5 important things that happened in design this week

The important design news from the last seven days, including our report on ageism in the design industry and a tender to redesign the UK passport following Brexit.

Salone del Mobile launched in Milan

Milan became awash with new products, exhibitions and fairs as the annual Salone del Mobile design week returned to the Italian capital.

Ahead of the five-day event – which expects to see more than 300,000 visitors in total and runs until Sunday 9 April – we wrote about some of the most interesting new collections, installations and brands to check out during the course of the week.

These include the new Tom Dixon lighting and home accessories collections on display at the designer’s two-storey Multiplex exhibition, which is housed in a 1950s cinema, as well the Lexus Design Awards and exhibition at the Triennale design museum, showcasing the designs and prototypes of 12 up-and-coming designers.

Keep an eye on the Design Week site for our upcoming coverage of Milan Design Week and the Lexus Design Awards.


The Government announced a proposal to redesign UK passports

Following UK prime minister Theresa May triggering Article 50 and starting the process of leaving the European Union (EU) last month, the Government’s Home Office has announced its intention to redesign the British passport.

The Home Office put out a £490 million tender for the new passport this week, which is expected to launch in 2019 – the same year that the UK is expected to leave the EU.

The new look will be in line with the Government’s routine passport redesign that takes place every five years to prevent counterfeits, according to the Home Office, and the contract is due to last for 11.5 years.

Meanwhile, media outlets speculated on the possibility of a passport redesign signalling a return to the navy blue one seen in the UK from 1921 to 1988.

Read our full story on the passport redesign tender here.


We examined ageism in the design industry

Following the organisers of the Turner Prize deciding to allow over-50s to enter the fine art award for the first time, we asked designers about the issue of ageism within the design industry.

We spoke to both younger and older designers about their own experiences of discrimination based on age, as well their opinions about ageism in the design industry as a whole.

O Street’s Tessa Simpson spoke about one occasion when a client said that her shoes looked like the ones that his teenage daughter wore.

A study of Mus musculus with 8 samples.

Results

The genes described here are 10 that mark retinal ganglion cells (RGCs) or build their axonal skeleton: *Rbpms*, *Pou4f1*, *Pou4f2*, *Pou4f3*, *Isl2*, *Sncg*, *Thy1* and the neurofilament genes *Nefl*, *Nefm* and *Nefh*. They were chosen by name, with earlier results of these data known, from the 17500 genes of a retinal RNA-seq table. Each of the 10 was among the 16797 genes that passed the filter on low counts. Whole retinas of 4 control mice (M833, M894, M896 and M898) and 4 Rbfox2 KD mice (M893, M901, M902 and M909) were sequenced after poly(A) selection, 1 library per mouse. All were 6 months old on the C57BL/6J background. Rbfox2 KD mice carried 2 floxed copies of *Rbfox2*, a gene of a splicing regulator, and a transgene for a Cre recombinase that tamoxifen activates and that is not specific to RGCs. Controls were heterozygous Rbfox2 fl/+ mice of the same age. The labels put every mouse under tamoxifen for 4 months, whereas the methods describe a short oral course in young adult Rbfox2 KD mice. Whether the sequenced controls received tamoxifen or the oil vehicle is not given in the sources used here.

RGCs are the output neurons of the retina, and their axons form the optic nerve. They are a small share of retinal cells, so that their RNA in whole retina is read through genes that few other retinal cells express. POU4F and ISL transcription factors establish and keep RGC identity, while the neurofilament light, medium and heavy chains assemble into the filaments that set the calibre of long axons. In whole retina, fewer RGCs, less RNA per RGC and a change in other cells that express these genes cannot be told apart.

“It wasn’t meant as a slight and I wasn’t offended,” says Simpson, “but the comment did make me reconsider how he – and other clients older than me – might see me.”

Meanwhile, Brand Union executive creative director Paul Cardwell said that as well as experiencing ageism as a young designer, he then “suddenly” became “too old”.

“Of course it’s insulting and annoying,” said Cardwell, “but that’s a good thing – anger keeps you sharp, keeps you up to speed and gives you something to prove.”

Read the full piece here.


The National Army Museum got a £24 million facelift

Main atrium, courtesy of the National Army Museum

We wrote about the National Army Museum – based in Chelsea, west London – reopening this week following a three-year, £24 million revamp.

Designed by architectural practice BDP, with exhibition design and interiors by consultancy Event, the new museum tells personal stories of soldiers as well as looking at the wider context of the army.

With the new look the museum is hoping to “tell the British Army’s story” and act as a “bridge” with the public, according to museum director general Janice Murray.

The permanent gallery will feature 2,500 objects and archive materials, as well as interactive exhibits.


Alien discovery organisation METI launched, with branding by The Partners

This week The Partners revealed the branding for a new organisation, Messaging Extra-Terrestrial Intelligence (METI), which is dedicated to trying to contact alien life.

The visual identity looks to raised awareness about the organisation and its work, with the brand concept being created around code system and the origins of language.

The logo is based on a square grid and uses binary patterns to create an abstract version of the word METI.

Read our full story on the branding here.